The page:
The Connection Between Breastfeeding and Early Childhood Caries

Breastfeeding offers the perfect nutrition for babies. It also provides infants with numerous health benefits including reduced risk of respiratory and gastrointestinal infections. Exclusive breastfeeding has also been linked with a lowered risk of baby bottle tooth decay. Still, exclusively breastfed babies may not be immune from early childhood caries.

Can exclusive breastfeeding cause cavities?

The answer is yes. Breast milk, like baby formula, is sugary. As explained in hillfielddentistry.com, the natural sugar in the milk turns to acid by bacteria in the child’s mouth. The formed acid then dissolves the enamel, causing teeth to decay. The reduced saliva flow during sucking and the teeth’s exposure to the sugar further enhance the risk of dental plaque and early dental caries.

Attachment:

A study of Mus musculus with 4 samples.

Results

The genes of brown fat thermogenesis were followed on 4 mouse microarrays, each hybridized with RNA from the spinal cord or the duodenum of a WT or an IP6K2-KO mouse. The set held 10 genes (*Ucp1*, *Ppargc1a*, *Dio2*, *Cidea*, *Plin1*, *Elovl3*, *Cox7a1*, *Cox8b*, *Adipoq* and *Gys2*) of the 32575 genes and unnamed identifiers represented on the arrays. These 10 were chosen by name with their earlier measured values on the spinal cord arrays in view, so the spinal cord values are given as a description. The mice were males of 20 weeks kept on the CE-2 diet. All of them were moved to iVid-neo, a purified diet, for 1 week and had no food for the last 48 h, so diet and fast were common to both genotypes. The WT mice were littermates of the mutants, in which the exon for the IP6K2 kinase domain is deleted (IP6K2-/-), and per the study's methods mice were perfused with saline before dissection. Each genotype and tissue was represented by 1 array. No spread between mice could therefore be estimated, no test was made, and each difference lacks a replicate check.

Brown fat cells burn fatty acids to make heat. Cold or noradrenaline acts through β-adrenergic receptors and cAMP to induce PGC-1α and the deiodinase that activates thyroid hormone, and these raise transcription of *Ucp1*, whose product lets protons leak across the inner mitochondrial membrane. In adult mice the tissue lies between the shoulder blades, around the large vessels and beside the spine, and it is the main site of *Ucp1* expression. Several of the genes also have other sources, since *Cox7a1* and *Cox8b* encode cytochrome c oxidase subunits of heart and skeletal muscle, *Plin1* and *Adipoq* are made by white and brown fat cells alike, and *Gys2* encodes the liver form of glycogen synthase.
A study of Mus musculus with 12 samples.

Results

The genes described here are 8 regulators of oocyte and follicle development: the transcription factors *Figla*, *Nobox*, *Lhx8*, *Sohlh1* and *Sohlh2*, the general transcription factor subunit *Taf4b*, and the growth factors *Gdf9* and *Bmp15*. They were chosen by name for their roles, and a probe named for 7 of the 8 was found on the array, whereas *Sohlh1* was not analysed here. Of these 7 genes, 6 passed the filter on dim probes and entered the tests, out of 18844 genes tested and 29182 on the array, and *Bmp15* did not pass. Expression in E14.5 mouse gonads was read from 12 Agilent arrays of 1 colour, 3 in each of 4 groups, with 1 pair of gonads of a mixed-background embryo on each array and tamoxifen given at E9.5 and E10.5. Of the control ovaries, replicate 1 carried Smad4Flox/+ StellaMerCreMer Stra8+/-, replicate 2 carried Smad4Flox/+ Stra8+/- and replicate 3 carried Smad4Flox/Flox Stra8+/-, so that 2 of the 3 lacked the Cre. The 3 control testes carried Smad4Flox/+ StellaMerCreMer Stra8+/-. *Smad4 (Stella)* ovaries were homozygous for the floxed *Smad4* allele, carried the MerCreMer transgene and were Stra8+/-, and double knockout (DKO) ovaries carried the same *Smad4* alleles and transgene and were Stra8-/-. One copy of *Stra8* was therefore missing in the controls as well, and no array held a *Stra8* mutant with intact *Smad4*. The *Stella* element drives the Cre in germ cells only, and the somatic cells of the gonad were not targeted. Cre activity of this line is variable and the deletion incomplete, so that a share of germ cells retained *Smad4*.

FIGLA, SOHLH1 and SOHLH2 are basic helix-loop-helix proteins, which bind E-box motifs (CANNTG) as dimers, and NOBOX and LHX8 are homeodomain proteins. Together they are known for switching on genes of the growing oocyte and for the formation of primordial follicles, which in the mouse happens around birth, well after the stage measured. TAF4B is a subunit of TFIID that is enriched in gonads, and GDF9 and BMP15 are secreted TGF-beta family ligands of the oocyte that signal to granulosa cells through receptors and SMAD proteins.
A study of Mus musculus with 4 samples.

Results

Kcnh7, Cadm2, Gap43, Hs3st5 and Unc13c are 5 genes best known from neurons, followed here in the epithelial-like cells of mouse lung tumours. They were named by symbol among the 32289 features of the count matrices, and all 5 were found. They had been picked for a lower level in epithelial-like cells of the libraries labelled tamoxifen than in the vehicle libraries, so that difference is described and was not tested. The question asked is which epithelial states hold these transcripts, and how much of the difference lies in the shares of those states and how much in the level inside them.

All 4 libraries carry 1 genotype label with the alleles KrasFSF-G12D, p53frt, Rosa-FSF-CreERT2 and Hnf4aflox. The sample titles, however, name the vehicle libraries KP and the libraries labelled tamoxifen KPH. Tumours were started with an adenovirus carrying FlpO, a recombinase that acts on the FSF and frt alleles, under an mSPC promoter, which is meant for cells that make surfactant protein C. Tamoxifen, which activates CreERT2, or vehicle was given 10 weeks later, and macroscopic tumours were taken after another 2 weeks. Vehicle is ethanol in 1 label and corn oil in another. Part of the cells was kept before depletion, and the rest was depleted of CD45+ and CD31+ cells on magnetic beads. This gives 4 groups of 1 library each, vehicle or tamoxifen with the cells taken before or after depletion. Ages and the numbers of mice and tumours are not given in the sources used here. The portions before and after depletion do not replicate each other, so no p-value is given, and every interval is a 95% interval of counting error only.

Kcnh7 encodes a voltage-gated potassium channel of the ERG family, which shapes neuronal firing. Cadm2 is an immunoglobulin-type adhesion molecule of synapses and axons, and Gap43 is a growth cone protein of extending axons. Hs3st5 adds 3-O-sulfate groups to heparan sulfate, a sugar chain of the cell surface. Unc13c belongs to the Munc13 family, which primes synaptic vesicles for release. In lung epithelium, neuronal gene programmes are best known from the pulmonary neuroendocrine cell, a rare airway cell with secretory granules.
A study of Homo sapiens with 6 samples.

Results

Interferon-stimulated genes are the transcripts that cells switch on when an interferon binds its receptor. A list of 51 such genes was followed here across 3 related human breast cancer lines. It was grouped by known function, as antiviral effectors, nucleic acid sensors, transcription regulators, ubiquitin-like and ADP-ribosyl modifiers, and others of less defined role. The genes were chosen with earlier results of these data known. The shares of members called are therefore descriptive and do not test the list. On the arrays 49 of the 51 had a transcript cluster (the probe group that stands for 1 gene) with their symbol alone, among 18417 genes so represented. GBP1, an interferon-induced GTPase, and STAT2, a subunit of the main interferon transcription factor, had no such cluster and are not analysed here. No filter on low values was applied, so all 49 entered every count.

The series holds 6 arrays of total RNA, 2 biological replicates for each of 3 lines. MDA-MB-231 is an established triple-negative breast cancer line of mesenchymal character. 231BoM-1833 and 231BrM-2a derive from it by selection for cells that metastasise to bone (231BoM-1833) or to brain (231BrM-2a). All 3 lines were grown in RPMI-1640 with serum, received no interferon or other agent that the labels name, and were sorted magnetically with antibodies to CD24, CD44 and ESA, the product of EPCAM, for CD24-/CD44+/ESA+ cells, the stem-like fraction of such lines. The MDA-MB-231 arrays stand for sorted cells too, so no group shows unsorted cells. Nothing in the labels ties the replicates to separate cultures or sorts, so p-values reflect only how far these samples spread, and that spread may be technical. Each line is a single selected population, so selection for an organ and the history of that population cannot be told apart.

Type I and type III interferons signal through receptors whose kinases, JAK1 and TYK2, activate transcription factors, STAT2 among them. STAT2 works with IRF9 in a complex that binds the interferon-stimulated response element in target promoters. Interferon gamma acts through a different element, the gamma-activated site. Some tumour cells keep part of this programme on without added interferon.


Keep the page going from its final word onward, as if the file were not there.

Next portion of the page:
You can prevent early childhood caries if you:

Avoid ad libitum breastfeeding

What seems to increase the risk of early dental caries in breastfed children is prolonged and nocturnal breastfeeding, especially after the child’s first birthday. Therefore, avoid ad libitum breastfeeding after the first baby tooth begins to erupt and after you have introduced to the child other dietary carbohydrates.

Care for your child’s mouth

It’s important to begin wiping your infant’s gums soon after birth. Clean the baby’s gums every day with a clean washcloth or moist gauze pad. As soon as the first primary tooth emerges, brush it twice daily. And don’t forget to take your child to a family dentist before his/her first birthday.

Frequent and prolonged contact with human milk can soften the outer part of the teeth. These conditions expose exclusively breastfed children to nursing caries. Fortunately, controlled breastfeeding and good dental hygiene can help reduce the risk of dental problems. Take these precautions to protect your baby from early childhood caries.